When clients email on-the-go stylist Majella McMahon, they receive an automatic response.
“Hello there. Thanks for getting in touch and sending me an email,” it says. “I only check email once a day. This is because I’m either styling up a storm, presenting a workshop or talk, doing research for my upcoming clients or creating mood boards and personal branding profiles.”
This is all part of the productivity drive McMahon embarks upon to run her Brisbane-based styling and branding business The Stylery Co.
McMahon says auto replies are useful to inform clients about her availability, response expectations and alternative contacts if urgent.
It’s a rare small business owner who wouldn’t like more hours in the day. But while none of us can have more than 24 in a day, there are ways to make those hours work harder.
McMahon says while technology such as email can certainly eat into productive time, it can also save time. Her time saving tips include organising apps and automated booking programs such as Acuity.
Entrepreneur and SEO expert Kate Toon agrees that managing email is critical.
“As soon as you open your inbox you go into reactive mode, doing what other people want you to do,” she says. “Instead, I write a to-do list the night before, and focus on that for at least two hours before I even open my inbox.”
She also uses the Pomodoro method to boost productivity, working intensely for 25 minutes, then taking a five-minute break. “It makes me laser-focused,” she says.
It’s an approach also favoured by McMahon, who uses a 45-minute timer to work, then shifts her focus to other tasks, before she attends to another 45-minute block.
Timing is everything
However, Toon’s key strategy for juggling her busy work-life – she manages three businesses, three podcasts, five Facebook groups, courses, online shops, speaking events and more – is making the most of her peak productivity time.
For her, that is early morning and she uses it to “lick the frog”.
“It means to start on the most difficult task,” she says. “Okay, you might not complete it, but chipping away at it each day will make it less overwhelming. Start with the tough stuff first!”
Virtual assistant and event management consultant Peta Wolff also favours scheduling your work to suit your personal rhythms.
The former personal assistant to Virgin Blue Co-founder Brett Godfrey – who often worked with the legendary businessman Richard Branson – juggles the demands of many small business owners and entrepreneurs through her business, I’ve Got Time For That.
“Know your best working hours,” she says.
If you’re a morning person, she says, do the important tasks first and leave other housekeeping for later.
She also suggests creating a reading file within email to keep a log of all the reports, admin memos and other documents that require attention.
Wolff saves her “reading file” for flights or weekends – “on the back deck with a glass of wine by my side”.
Know your strengths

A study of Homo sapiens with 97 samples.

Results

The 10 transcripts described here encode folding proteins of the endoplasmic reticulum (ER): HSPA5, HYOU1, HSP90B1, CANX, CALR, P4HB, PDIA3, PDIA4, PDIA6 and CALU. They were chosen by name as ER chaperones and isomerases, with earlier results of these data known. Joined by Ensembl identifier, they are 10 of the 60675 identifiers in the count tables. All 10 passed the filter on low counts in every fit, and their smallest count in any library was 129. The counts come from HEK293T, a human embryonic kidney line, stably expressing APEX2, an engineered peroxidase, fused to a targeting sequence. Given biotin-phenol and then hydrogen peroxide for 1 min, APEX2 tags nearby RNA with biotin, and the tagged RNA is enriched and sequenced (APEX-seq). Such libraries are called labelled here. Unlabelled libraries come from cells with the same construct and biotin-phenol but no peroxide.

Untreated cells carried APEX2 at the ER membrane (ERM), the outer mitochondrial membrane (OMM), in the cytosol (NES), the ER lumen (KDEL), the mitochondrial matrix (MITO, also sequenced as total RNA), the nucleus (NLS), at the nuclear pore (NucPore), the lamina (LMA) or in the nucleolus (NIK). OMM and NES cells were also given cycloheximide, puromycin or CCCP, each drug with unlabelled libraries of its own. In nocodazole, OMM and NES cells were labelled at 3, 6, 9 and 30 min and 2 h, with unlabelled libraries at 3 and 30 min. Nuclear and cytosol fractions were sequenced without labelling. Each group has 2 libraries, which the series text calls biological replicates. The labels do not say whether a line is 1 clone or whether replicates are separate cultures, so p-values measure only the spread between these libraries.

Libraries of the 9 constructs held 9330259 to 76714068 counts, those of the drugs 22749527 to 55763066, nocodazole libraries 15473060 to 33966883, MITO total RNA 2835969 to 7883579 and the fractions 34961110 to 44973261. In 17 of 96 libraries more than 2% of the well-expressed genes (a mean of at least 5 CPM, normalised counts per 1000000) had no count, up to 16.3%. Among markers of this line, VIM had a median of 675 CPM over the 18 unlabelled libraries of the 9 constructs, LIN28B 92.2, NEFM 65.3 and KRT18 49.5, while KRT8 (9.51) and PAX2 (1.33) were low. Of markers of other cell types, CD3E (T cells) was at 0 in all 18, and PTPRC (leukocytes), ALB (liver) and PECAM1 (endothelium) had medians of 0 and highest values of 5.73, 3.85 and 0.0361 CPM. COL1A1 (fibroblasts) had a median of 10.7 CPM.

Western Australian winemakers Mijan Patterson and Liv Majorana are the force behind the small-batch South by South West label, which won this year’s Young Gun of Wine People’s Choice Award for their wine, which is produced using minimal intervention.
Patterson says by operating as a business partnership they can divide and conquer to split responsibilities and tasks efficiently. She says they often travel separately interstate, but at the same time, so they can meet individually with clients in person.
They focus on their strengths, both for business tasks and within the business. They delegate to contractors for complex skills sets, for example final bottling, accounting and taxation.
And in the business, they each bring their own value. “Whilst both of us have a hand across all aspects to varying degrees, my main roles include the overall brand identity and marketing, along with the vineyard maintenance and viticulture practices, and Liv is focused in the cellar with the winemaking and overall production,” she says.
Delegate, delegate, delegate
It’s a philosophy echoed by Katie Forsythe, who has operated the national network of The Baby Sleep Company since 2012, as well as caring for the four children she shares with her partner.
Her top tips include delegating non-core tasks. “You didn’t start your journey as an entrepreneur to get bogged down with the administration side of it and it most likely isn’t your strong point,” she says.
“It may feel scary to have someone else be responsible for parts of your business, but by freeing you from the everyday mundane tasks, you’re able to focus on growing your business.”
She also cuts back on non-billing time by creating email templates. She says by using a pre-written email as a signature, in Outlook, it saves time and effort re-writing effectively the same email. “You can still inject personality; you’re just skipping writing it over and over again,” she says.
And finally, Forsythe also controls her email by batching tasks. “Rather than switching from one task to a different one and back again, staying focused on like tasks will mean that you get through them more quickly,” she says.